Receiving Wide Coverage ...
Bigger than Facebook: It's all Alibaba, all the time. The Chinese e-commerce company released the prospectus for its U.S. IPO and the New York Times, Washington Post and Wall Street Journal all lavished heaps of coverage on the disclosure. For the banking world, the most-interesting item was the document's identification of the lucky banks that stand to make millions of dollars in fees from the offering. Credit Suisse nabbed the coveted lead left spot followed by Deutsche Bank, Goldman Sachs, JPMorgan Chase, Morgan Stanley and Citigroup, the Times reported. To get a sense of how lucrative the IPO could be for the banks, the Post reported that Alibaba's offering could top Facebook's $16 billion IPO. New York Times, Wall Street Journal, Washington Post, Bloomberg
Equity Funds Probed: Private equity funds allocated expenses and collected fees inappropriately and sometimes illegally, a Securities and Exchange probe found, the Journal reported. The SEC began examining the private equity world after Dodd-Frank gave the agency more oversight of money managers, Bloomberg noted.
Wall Street Journal
The investigation by U.S. regulators into banks' hiring practices in Asia expanded, as they look into banks' hiring of the family members of foreign governments' officials, the Journal reported. The banks that received letters requesting additional information include JPMorgan Chase, Citigroup, Morgan Stanley, Goldman Sachs, Credit Suisse and UBS. Other banks also received the letters, the paper said, although it did not identify them. The paper notes that the Securities and Exchange Commission's probe is based on the Foreign Corrupt Practices Act, a federal law that bans U.S. companies from bribing foreign officials; however, that law does not forbid the hiring of family members of government officials.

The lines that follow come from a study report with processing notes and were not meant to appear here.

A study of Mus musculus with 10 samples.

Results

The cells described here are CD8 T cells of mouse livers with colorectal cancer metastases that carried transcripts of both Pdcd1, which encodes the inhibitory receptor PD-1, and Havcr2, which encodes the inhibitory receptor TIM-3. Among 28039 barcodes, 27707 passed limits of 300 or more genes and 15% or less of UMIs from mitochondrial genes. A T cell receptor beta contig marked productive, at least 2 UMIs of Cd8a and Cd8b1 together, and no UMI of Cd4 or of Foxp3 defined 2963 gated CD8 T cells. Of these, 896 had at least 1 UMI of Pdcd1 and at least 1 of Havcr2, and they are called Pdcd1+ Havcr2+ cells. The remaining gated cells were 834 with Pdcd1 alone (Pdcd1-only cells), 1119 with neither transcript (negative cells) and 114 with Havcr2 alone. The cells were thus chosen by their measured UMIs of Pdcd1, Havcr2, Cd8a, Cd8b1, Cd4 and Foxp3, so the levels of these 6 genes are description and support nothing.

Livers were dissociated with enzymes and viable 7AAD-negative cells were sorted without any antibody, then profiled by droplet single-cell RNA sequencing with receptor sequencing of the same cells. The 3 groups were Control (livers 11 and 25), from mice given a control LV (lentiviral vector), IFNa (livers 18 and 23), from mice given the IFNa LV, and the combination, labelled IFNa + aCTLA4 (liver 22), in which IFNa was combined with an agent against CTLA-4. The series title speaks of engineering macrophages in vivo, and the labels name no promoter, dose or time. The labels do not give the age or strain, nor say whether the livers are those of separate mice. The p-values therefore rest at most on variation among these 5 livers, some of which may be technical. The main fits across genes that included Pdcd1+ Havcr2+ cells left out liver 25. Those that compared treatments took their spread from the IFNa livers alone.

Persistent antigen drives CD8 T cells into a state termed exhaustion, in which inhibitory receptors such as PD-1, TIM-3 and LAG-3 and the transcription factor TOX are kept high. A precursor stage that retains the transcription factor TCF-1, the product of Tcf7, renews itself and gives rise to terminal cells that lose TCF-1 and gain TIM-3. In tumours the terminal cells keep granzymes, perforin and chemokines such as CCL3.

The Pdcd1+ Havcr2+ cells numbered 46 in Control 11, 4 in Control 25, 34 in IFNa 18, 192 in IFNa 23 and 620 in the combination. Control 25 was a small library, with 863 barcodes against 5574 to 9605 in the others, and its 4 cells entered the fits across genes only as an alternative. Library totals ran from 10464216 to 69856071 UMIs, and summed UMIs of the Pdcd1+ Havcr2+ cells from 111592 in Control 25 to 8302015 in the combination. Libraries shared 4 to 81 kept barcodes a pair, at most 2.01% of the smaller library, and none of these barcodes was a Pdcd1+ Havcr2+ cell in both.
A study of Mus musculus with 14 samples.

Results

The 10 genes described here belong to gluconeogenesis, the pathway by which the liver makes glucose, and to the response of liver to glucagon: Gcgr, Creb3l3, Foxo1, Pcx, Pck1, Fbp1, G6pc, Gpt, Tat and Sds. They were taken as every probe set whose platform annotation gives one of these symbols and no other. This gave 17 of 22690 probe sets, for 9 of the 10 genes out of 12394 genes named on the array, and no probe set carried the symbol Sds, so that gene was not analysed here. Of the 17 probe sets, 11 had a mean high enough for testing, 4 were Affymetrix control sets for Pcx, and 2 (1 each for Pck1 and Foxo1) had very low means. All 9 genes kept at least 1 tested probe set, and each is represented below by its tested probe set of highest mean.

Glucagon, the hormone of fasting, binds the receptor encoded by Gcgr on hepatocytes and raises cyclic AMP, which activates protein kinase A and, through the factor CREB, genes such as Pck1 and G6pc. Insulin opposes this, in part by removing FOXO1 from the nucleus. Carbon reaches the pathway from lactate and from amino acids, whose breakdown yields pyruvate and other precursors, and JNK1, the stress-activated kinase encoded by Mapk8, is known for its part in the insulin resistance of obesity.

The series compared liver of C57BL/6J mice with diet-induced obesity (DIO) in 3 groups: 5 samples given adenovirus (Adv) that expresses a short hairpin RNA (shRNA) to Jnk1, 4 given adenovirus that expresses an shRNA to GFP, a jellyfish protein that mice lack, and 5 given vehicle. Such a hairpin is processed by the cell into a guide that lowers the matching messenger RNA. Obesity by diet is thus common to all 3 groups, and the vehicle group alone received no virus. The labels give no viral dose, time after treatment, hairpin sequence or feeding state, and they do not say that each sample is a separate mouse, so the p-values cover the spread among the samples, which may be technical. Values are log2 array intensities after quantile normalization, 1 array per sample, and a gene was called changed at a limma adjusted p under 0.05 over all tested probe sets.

JPMorgan Chase promoted two executives to replace Blythe Masters, who's leaving as head of its commodities business. John Anderson had been head of non-oil energy trading in Houston and Michael Camacho had been the London-based head of commodities for Europe, the Middle East and Africa and global head of other commodities units.
Now California's state employees' pension plan is taking a swing at Bank of America, the paper reported. Calpers said on Tuesday that it will vote its shares representing 0.4% of the company against Bank of America's external auditor at the bank's annual meeting, in protest of the Fed's suspension of B of A's capital plans. On Monday, Calpers' younger cousin, the California teachers' pension plan, said it would vote its 0.3% stake against B of A's auditors for the same reason.
JPMorgan Chase is closing the accounts of some foreign officials in its quest to purge itself of any grounds to be sued, prosecuted or fined over anti-money laundering violations, the paper reported. JPMorgan said it was closing the accounts because of compliance costs.